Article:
Capital Markets allow businesses to raise long-term funds by providing a market for securities, both through debt and equity. Capital Markets offer a whole range of sometimes complicated products which allow businesses and banks not just to raise capital but also to ‘hedge’ (protect) against risks.
IFC is involved in the provision of three main products in Capital Markets. Firstly, IFC aids the securitization of future capital flows (for example credit risk exposure and food security), secondly it is developing capital release products, thirdly by providing Diversified Payment mechanisms, and finally through Capital Release products.
Food security and pricing is an increasing concern the globe. Aside from the risks associated with natural disasters and droughts (which can be mitigated through insurance - link) concerns about price fluctuations between purchasing seeds and equipment and harvesting and selling a product can have a huge affect on a farmers or businesses decision on what and how much to plant – leading to food insecurity.
There is a now surging a demand for products which enable you to control the price risk in food production. Whilst the products do exist in emerging markets, often the upfront costs to businesses are prohibitively high, preventing their widespread use. IFC is helping to bridge that gap.
By working through financial intermediaries, IFC seeks to make available a price risk management product to Banks which then allows them to take on credit exposure of businesses and farmers. For example, this would allow a producer in Brazil, or a wheat producer in Africa to know what future price they can sell at. They can then buy a ‘price hedge’ to ensure the future value of the sugar they produce covers the costs of any loans they may need to produce it. Over the longer term this should bring about greater food price stability and indirectly more production. Such products also encourage lending to the agricultural sector for investment, as the borrower has greater certainty of a fixed return.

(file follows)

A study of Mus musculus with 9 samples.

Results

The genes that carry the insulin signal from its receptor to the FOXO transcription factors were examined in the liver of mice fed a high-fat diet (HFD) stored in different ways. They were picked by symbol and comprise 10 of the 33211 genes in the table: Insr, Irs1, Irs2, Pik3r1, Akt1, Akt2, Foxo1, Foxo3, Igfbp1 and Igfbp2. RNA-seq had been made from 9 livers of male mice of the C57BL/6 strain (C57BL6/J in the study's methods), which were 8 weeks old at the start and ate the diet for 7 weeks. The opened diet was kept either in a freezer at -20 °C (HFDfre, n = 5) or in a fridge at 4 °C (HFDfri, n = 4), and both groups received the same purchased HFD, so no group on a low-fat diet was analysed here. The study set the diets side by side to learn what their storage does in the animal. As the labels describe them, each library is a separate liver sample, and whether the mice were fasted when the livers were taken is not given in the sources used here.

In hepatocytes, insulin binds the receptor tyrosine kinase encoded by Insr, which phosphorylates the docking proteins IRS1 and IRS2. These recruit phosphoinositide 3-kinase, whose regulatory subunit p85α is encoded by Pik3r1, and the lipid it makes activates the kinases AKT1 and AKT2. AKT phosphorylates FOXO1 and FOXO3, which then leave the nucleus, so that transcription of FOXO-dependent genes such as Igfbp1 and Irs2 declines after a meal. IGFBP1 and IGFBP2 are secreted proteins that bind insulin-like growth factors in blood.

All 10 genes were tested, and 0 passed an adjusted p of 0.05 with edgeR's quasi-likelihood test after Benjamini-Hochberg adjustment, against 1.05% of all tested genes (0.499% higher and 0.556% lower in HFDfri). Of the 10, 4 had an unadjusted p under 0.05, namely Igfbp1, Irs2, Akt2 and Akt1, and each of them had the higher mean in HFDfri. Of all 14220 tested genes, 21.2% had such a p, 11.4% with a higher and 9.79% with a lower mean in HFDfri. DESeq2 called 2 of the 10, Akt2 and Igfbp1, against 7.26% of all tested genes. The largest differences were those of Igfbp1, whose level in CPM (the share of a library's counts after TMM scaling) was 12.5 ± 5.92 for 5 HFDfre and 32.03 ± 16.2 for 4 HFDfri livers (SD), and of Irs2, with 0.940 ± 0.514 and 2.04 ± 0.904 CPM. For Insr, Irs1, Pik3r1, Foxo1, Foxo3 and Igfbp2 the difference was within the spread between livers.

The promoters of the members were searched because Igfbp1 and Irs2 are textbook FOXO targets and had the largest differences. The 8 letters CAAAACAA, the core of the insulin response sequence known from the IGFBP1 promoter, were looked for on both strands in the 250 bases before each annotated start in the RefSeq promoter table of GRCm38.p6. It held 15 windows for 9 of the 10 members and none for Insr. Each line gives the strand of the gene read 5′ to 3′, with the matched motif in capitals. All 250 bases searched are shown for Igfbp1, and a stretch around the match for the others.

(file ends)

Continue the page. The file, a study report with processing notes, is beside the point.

‘Capital release’ products aim to increase lending by banks in emerging markets to small and medium size businesses. Such lending is currently limited by unreasonably high risk weightings on SME assets and increasingly high capital requirements by regulators. The capital charges on SME lending that arise from this state of affairs have created strong disincentives/limit the ability for banks to grow their SME credit business.
IFC is therefore developing ‘capital release’ products which allow banks to obtain targeted risk protection for predetermined amounts of unexpected losses for specific SME loan portfolios. In this nascent market for ‘capital release’ transactions, risk mitigation is arranged by a small number of specialized, structured credit firms and placed by them with non-bank investors. Such transactions lower banks’ capital costs of lending to SMEs, and therefore free up capacity for them to do new SME credit business.
For the moment, most transactions of this nature have involved SME credit exposures in developed – and not emerging – markets. IFC aims aim to broaden application of the capital release product to emerging SME loan portfolios, thereby increasing the amount of capital and therefore credit that can be made available by banks to emerging market SMEs. Working almost like a catalyst, a capital release fund could free up capital worth up to ten times as much as the fund itself, serving as an engine of growth to SMEs and jobs.